University to host SUNY scholarly records symposium
April 5, 2011Tweet
Faculty members, researchers and librarians will be able to learn about the latest advancements in the publishing and preserving of scholarly records when Binghamton University hosts a SUNY symposium on the subject April 7.
“Publishing, Promoting and Preserving Scholarship @ SUNY” will begin at 9 a.m. in Room 220A-B of the University Downtown Center. Sessions will discuss emerging trends, innovative research and collaborative tools and partnerships. The symposium comes two years after the University hosted the “New Approaches to Scholarly Communications and Publishing” workshop for its faculty and staff.
“There are now newer applications that we wouldn’t have seen two years ago,” said Elizabeth Brown, scholarly communications and library grants officer for Libraries.
One example is the Journal of Visualized Experiments (JOVE), a video journal for biological and medical research. Moshe Pritsker, CEO and co-founder of JOVE, will speak at the afternoon session of the symposium.
“This is one of the few journals like this,” Brown said. “By having experiments filmed, people can transfer knowledge in their labs from one group to the next.”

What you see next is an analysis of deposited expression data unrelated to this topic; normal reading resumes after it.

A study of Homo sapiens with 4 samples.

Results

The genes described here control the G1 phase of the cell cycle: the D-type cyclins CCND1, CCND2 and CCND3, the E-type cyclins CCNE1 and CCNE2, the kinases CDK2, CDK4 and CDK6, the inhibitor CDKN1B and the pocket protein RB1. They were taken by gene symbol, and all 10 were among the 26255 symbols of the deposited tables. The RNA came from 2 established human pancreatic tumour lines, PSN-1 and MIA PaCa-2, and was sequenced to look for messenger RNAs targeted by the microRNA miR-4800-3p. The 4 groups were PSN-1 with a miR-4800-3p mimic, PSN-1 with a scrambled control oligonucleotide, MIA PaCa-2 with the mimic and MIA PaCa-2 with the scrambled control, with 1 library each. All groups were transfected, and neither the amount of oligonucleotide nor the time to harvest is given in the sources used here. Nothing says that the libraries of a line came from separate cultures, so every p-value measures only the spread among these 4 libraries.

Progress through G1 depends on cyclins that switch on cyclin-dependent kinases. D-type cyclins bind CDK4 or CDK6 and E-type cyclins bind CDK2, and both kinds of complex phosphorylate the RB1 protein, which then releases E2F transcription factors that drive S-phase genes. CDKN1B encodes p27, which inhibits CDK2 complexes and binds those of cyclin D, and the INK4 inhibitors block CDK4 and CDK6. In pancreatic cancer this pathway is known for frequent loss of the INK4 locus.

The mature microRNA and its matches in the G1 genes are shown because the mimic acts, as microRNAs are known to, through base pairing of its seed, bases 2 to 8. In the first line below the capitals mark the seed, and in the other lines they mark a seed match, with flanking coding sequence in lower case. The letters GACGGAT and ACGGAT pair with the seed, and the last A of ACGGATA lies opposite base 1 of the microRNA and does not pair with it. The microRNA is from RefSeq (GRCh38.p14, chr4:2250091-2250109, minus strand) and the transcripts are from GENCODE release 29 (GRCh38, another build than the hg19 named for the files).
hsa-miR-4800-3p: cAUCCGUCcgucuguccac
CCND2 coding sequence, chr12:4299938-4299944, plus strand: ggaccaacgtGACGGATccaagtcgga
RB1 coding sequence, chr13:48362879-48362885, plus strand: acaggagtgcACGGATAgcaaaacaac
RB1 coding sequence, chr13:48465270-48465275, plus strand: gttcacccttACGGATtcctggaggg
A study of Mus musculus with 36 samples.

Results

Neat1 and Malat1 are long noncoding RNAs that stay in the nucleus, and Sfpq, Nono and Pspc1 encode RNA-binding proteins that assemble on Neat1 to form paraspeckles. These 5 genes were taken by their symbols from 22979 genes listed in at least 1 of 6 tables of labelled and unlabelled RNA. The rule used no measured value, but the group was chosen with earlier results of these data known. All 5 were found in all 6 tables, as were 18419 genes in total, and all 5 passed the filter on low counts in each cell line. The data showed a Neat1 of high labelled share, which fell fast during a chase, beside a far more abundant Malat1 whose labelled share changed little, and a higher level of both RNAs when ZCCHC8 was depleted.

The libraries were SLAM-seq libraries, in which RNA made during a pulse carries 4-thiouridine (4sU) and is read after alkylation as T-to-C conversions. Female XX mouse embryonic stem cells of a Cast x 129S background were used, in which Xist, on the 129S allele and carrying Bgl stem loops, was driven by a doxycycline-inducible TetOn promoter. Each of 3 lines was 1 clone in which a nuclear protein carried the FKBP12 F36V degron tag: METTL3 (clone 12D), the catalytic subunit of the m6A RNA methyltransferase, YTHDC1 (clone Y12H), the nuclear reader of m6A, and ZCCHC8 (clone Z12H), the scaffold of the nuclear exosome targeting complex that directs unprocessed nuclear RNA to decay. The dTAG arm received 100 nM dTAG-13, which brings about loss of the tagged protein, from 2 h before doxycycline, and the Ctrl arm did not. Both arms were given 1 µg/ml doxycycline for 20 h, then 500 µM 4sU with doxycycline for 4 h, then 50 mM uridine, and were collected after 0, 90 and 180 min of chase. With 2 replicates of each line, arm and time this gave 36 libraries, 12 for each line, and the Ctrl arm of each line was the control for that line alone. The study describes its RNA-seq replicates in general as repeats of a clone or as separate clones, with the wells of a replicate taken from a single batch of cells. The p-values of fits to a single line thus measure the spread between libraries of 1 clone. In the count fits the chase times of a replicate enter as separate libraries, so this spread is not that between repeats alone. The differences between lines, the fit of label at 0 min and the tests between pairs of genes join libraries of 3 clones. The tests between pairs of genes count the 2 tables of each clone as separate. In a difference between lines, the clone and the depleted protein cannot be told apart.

Another innovative tool is Mendeley, an academic social network that helps scientists organize research and encourages collaboration. Mendeley community liaison Jessica Mezei will represent the company at the symposium.
A third tool that will be discussed at the symposium is VIVO, an open-source Web portal where researchers can promote their works and discover others’ projects. The application was developed at Cornell University, which is sending VIVO Special Projects Lead Ellen J. Cramer to speak at the event.
Todd Carpenter, managing director of the National Information Standards Organization (NISO), will deliver the keynote speech at 9:15 a.m. NISO works with libraries, publishers and software developers on information industry standards.
Brown, who is expecting 70 participants from schools within and outside of SUNY, said the symposium also could examine issues such as the Google Book Search scanning project, data-management requirements from groups such as the National Science Foundation and whether SUNY should consider an open-access mandate for campus researchers.
“I think that with SUNY we are going to see more interest in these topics as the Web evolves and people can share information more easily,” she said.
The symposium was one of seven projects for the 2010-11 year to receive funding from the SUNY Conversations in the Disciplines (CID) Program. Brown submitted the application last March and received approval a month later.
“The goal is to give people inspiration and ideas,” Brown said of the symposium. “I’m also hoping that if we have more dialogue about the issues, people will know where to go. I’ve gotten questions about publishing, but people are not always sure where to ask about resources. There’s a disconnect between the publishers and the researchers to some degree. Libraries can help fill that gap.”